Kuwait's trade surplus narrowed to a 10-year low in 2015 mainly due to a decline in oil export earnings, while imports remained firm however, in line with good growth in the non-oil economy, according to a report on Saturday.
The surplus shrank from KD 20 billion in 2014 to KD seven billion in 2015, the trade balance was mainly driven lower by a drop in oil export revenues as a result of lower oil prices, according to a report by the National Bank of Kuwait (NBK).
A further decline in non-oil export earnings and a pickup in imports also weighed down on the overall balance. The surplus is expected to remain under pressure while oil prices remain low or until oil prices begin to strengthen later in the year.
Oil export receipts tumbled by 45 percent year-on-year in 2015 to KD 14.7 billion, its lowest in five years and oil export revenues retreated amid markedly lower oil prices in 2015, it added.
The Kuwait Export Crude (KEC) price declined 50 percent during the year and averaged USD 47.2 per barrel. Oil export revenues are projected to edge lower, at least in the near to medium term, as oil prices continue to remain weak.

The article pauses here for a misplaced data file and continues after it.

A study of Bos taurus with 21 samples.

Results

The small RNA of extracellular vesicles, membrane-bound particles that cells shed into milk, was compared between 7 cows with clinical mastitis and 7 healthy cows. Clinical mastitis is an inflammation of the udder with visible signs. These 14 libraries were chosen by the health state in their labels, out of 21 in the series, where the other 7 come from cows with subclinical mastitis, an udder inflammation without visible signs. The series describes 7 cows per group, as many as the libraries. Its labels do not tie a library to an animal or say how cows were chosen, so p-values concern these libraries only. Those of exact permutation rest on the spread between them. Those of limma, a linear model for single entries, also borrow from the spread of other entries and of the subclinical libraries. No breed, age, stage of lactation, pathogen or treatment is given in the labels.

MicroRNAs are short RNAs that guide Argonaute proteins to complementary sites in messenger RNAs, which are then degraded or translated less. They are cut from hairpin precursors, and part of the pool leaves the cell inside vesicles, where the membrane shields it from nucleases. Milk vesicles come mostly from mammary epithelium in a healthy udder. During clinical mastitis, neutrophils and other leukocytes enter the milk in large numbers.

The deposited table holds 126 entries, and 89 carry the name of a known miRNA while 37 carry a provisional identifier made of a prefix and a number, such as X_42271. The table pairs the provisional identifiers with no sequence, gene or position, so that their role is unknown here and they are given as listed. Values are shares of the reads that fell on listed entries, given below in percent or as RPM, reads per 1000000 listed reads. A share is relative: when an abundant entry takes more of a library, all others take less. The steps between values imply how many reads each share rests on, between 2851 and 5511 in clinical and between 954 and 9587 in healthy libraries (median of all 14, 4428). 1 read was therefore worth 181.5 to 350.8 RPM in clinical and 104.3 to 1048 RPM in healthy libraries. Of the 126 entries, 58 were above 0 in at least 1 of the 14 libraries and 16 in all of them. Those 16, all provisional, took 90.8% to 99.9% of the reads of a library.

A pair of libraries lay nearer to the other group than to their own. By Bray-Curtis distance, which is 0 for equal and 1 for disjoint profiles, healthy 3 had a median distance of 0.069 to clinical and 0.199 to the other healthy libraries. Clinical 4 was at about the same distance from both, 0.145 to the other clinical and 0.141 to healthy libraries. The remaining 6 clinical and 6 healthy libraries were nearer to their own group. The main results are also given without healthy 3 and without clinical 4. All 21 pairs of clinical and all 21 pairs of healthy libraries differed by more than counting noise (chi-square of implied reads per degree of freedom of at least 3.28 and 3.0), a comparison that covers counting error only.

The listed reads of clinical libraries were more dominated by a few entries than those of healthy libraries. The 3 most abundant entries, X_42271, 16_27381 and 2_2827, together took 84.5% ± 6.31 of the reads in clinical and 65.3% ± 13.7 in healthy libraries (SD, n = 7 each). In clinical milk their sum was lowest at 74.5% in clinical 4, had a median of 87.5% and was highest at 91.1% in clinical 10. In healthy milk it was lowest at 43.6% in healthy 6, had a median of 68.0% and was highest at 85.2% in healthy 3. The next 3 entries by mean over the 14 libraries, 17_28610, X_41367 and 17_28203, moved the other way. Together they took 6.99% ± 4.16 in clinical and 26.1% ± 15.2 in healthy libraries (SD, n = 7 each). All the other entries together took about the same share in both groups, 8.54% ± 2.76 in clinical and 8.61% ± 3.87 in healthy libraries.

So far in 1Q16, KEC has averaged USD 26.0 per barrel. Non-oil exports continued to decline in 2015, but at a notably lower rate of 1 percent.
Non-oil export earnings, which are predominantly driven by ethylene prices, continued to contract, albeit at a slower pace, as the rate of decline in ethylene prices moderated, the report noted.
A stronger Kuwaiti dinar against most major currencies (with the exception of the US dollar) has also limited any significant gains in non-oil export growth. However, growth in 4Q15 non-oil exports edged back into positive territory for the first time in almost a year.
This segment is expected to continue to witness positive gains in 1Q16, on the back of a recovery in ethylene prices, the report pointed out.
In addition, the Import growth moderated for the most part of 2015, but still logged in another historic high of KD 2.5 billion for the year. The stark slowdown in imports in 3Q15 appears to have been short-lived, following the healthy rebound in the final quarter of 2015.
The rebound came on the back of a jump in consumer goods imports, which more than offset the slowdown in capital goods imports.
Although growth in capital goods imports slowed down rather significantly in 4Q15, this may be a one-off, after several months of robust growth rates.
Import growth is forecast to remain strong in the near to medium term primarily because of healthy consumer and investment spending, shoring up non-oil GDP growth. Growth in capital goods imports is gradually edging higher on the back of higher spending in capital projects.
And the stronger Kuwaiti dinar, which makes imports more affordable, is also expected to continue to support demand for consumer and transportation goods. it added.